Cell Calcium Homeostasis
In the history of cell development, Ca2+ homeostatic systems appeared early in evolution as a survival system maintaining a low intracellular Ca2+ concentration and therefore preventing cell damage. These homeostatic systems while generating an important concentration gradient between the interior and the exterior of the cell, constitute a key parameter maintaining cell survival in equilibrium with its ability to interact with many biological molecules and signalling function. Under these premises, we have been interested in the study of the plasma membrane Ca2+-pump or Ca2+- ATPase in both, normal cell systems as well as cell pathological conditions.
Structure / Function Relationship in Proteins
Understanding the relationship between protein structure and function remains a primary focus in structural biology with important consequences in such diverse fields as molecular biology, genetics, biochemistry, protein engineering and bioinformatics. One approach to this problem is to study how nature has reengineered proteins for new functions through evolutionary processes. This strategy has the potential to reveal fundamental characteristics of protein structures and the explicit manner in which they deliver their associated functions. Between these evolutionary processes, our laboratory has studied the capability to carry out structural transitions disorder-to-order, order-to-disorder of specific protein segments lately recognized as important in the understanding of protein function.
In an attempt to define the possibility that key folding features in proteins could provide us with the manner in which to explain basic issues such as receptor recognition, enzyme activation, lipid transfer activity, and self-exchangeability carried out by several lipid transfer proteins including a series of apolipoproteins, our group has attempted to address these phenomena by directly measuring molecular conformational changes of these molecules in solution modulated by lipids, as well as employing air/water and lipid/water interfaces.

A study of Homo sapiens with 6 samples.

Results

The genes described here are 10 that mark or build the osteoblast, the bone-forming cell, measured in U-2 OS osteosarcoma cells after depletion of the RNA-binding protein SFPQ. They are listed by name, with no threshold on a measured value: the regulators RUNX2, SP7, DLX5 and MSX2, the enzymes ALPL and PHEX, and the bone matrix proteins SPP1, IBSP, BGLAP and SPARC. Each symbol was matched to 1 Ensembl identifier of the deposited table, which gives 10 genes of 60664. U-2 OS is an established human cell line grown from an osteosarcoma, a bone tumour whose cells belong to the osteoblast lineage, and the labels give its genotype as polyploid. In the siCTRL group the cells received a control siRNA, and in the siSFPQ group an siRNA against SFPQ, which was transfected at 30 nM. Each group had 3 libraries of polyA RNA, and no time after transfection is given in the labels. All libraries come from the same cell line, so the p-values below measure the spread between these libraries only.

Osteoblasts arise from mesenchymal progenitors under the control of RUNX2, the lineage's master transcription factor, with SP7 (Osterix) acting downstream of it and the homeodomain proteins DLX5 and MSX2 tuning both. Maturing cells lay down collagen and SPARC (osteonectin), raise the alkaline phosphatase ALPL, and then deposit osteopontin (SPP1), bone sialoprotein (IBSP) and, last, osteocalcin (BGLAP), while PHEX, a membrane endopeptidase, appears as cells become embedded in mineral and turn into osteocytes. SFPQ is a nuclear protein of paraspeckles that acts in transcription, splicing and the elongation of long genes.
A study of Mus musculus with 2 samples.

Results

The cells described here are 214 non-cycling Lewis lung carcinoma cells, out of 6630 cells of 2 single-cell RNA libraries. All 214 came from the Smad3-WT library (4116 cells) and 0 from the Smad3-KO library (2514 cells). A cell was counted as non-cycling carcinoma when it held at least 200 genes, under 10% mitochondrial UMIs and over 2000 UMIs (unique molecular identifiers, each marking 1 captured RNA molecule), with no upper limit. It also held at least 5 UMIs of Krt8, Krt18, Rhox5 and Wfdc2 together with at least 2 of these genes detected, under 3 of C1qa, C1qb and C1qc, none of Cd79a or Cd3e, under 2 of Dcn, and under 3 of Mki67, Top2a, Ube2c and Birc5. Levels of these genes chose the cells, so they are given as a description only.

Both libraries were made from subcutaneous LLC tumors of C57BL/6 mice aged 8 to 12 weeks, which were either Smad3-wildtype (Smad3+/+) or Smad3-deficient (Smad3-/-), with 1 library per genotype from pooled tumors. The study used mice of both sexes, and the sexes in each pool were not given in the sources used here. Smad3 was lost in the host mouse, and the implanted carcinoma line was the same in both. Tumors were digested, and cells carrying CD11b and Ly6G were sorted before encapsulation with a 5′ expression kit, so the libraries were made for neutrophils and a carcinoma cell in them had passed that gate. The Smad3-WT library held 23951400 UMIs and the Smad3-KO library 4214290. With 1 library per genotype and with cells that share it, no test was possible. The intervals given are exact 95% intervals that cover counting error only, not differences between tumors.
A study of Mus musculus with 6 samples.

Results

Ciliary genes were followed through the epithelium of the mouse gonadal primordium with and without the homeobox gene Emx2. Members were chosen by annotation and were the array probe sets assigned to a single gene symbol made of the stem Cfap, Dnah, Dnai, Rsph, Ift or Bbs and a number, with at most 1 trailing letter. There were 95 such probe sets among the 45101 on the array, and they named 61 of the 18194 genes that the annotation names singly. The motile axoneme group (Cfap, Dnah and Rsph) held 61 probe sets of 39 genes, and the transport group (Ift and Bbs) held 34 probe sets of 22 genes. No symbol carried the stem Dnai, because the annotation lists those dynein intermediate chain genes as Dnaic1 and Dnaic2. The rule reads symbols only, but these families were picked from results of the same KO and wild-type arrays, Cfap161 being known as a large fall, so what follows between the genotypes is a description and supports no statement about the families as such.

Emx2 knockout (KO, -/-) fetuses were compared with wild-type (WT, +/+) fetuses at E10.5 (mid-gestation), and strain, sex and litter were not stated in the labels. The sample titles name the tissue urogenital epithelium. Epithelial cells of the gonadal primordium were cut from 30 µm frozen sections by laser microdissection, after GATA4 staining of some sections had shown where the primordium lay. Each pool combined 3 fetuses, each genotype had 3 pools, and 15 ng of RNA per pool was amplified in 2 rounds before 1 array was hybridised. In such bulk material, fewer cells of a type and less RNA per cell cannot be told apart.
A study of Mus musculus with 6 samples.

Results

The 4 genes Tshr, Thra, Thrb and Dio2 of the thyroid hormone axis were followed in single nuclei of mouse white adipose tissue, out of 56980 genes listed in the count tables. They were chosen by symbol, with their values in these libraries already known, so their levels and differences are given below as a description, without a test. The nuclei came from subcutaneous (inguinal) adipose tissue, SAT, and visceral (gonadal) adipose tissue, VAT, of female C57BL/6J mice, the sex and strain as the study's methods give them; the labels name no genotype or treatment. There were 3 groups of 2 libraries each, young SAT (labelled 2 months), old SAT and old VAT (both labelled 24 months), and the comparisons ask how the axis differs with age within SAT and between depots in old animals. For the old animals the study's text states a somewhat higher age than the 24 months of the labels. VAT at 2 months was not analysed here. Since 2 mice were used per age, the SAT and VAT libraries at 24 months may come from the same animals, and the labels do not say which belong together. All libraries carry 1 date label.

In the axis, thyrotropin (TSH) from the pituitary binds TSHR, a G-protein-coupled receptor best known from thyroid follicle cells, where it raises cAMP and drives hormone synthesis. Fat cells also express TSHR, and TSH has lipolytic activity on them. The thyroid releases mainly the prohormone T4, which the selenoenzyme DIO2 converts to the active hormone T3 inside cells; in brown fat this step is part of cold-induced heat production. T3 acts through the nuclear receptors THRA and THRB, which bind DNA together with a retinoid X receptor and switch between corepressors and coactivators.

Peptides as Therapeutic Molecules
Peptides as mediators of key biological functions show unique biochemical properties that make them particularly attractive as therapeutic agents. Peptides showing high biological activity associated with low toxicity and high specificity in general terms display little unspecific binding to molecular structures other than the desired, negligible production of active intermediate metabolites and wide application possibilities. Due to their ample chemical and structural diversity associated to their advantages in design, development and final synthesis, nowadays specific peptides have started to give positive results as therapies that in the past have only relied on traditional small chemical molecules. Following this approach, during the last few years, our group has initiated the development of a technological platform taking advantage of original knowledge generated in or laboratory studying a series of peptides in the fields of atherosclerosis and cancer. An example of this platform corresponds to several granted patents in the process of being licensed to the biotechnology industry both in Mexico and the United States.